Indie retailers return to sales growth in first quarter

Trading growth for independent retailers returned to just the right side of zero in the January to March period compared with the same months in 2015, according to the latest survey of members by bira (British Independent Retailers Association).

The figures for bira’s sales monitor Q1 2016 are very finely balanced, with just 52% of members reporting increased turnover and 48% logging declines. The balance of growth was a tiny +0.53%. But this was a big improvement on the last quarter of 2015, when 43% had gained, 57% lost out and the average drop had been 2.35%.

Bira commented: ‘As industry sources have been reporting shop prices falling for nearly three years now – and by about 3% a year – this is something of an achievement. And it comes against the background of high street institutions BHS and Austin Reed hitting serious trouble.’

Seven of the eleven product sectors tracked in the sales monitor grew, whereas last time seven of eleven lost out. Fashion and department stores continue to be challenged, while the big-ticket items in furniture, floorcoverings and beds continue to thrive. While seven of eight geographical areas showed declines in the last survey period, five of the eight returned to sunnier results in the first quarter. The north-east has now reported rising results for more than a year.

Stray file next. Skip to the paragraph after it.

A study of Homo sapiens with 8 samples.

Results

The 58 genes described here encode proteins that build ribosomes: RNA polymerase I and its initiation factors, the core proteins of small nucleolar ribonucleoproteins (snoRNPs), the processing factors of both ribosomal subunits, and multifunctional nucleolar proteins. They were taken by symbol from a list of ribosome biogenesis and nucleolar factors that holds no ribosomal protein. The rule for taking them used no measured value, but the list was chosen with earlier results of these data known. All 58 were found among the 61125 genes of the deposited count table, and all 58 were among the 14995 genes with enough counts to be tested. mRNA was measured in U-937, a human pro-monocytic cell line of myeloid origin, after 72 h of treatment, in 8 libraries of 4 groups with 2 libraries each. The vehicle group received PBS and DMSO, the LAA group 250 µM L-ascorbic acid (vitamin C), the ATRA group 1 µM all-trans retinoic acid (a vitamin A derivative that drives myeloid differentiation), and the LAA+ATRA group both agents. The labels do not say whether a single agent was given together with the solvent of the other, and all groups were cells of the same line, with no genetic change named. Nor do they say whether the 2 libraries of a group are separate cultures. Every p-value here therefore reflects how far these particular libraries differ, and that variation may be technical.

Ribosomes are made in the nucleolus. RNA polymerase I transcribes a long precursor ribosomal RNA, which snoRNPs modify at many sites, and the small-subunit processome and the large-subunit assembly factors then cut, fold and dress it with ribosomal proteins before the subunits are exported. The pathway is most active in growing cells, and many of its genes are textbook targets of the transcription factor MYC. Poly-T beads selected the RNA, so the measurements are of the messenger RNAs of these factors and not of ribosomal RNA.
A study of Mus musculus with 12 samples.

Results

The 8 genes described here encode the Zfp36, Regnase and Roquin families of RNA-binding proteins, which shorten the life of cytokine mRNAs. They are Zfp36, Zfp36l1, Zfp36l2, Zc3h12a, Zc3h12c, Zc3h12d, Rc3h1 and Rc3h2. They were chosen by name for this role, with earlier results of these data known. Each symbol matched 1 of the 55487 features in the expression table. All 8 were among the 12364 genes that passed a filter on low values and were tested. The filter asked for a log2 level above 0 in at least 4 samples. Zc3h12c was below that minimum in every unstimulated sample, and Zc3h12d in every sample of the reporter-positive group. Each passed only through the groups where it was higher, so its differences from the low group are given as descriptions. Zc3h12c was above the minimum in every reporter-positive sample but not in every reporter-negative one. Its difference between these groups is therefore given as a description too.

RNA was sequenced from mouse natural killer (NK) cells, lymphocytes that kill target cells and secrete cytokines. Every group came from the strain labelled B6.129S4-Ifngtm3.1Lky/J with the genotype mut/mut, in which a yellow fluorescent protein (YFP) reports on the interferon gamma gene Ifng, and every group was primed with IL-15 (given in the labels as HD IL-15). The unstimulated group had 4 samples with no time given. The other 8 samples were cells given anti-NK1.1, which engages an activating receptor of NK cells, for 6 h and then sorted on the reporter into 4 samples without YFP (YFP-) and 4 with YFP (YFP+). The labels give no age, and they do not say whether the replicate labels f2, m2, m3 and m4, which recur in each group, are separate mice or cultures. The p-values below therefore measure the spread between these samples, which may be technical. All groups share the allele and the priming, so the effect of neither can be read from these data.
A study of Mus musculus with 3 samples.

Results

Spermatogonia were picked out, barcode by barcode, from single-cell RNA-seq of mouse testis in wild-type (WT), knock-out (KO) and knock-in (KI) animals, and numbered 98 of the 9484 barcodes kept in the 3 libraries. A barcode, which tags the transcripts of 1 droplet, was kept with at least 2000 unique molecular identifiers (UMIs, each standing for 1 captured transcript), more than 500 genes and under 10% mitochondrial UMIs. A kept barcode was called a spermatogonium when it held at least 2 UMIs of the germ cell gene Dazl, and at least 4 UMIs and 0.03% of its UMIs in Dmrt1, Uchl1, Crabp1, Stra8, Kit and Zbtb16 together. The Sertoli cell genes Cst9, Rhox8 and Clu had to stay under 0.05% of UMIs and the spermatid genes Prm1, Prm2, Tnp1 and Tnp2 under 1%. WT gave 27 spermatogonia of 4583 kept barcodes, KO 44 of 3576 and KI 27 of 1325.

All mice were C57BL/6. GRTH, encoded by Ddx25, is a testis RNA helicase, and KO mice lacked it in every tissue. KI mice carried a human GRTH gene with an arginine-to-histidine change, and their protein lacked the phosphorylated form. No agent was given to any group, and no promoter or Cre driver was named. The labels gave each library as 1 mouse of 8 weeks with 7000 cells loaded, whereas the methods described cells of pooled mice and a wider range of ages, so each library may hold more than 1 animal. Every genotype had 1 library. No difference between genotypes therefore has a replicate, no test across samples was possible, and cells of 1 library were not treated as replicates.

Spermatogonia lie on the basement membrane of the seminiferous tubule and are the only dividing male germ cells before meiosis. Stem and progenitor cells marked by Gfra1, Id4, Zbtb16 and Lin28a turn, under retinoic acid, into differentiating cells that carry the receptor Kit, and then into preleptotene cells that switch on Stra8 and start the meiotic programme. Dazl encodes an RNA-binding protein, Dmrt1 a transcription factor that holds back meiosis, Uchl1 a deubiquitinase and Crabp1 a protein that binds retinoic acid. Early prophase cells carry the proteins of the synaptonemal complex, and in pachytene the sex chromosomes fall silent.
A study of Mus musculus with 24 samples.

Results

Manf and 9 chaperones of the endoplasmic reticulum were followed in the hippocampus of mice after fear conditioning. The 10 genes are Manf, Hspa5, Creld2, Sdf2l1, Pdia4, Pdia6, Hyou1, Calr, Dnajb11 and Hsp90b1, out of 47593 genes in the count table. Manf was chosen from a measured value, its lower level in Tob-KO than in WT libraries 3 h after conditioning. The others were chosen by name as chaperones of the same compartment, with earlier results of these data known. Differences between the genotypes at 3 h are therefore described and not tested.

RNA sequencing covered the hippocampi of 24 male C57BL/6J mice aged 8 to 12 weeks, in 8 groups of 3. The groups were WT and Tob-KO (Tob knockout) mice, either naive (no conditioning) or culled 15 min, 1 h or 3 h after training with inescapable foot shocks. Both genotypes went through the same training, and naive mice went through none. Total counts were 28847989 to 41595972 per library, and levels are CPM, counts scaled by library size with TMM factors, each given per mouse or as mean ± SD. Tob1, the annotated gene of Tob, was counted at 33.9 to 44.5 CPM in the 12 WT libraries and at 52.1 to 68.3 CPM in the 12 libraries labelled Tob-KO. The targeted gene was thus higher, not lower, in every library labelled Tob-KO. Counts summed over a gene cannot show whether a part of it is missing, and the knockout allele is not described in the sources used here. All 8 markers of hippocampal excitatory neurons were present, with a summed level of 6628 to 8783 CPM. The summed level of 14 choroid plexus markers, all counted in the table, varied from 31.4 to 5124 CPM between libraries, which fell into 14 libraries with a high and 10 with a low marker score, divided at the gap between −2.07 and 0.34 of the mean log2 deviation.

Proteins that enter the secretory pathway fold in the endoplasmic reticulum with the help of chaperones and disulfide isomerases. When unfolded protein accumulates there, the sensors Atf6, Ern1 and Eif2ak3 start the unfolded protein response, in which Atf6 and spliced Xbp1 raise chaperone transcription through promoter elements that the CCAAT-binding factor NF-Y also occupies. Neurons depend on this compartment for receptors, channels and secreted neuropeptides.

Bira said: ‘What’s odd is that while results have improved, confidence has taken a hit. And where only 30% were anxious about the year ahead in January, 45% are now. Is this generalised anxiety, or is it related to uncertainty about the EU referendum in June?

Comments from members certainly show that the issue is looming large in their minds right now. One of the many comments on the subject sums up the difficulty for a lot of business owners. A cookshop and houseware retailer in The Midlands said: “We are seriously confused purely due to lack of information. We don’t feel enough has been done to explain what changes will be introduced if we leave the European Union.” The view of a cookshop and housewares retailer in the south-west goes further. “There does not appear to be any unbiased  information about the pros and cons of the EU membership,” the respondent said.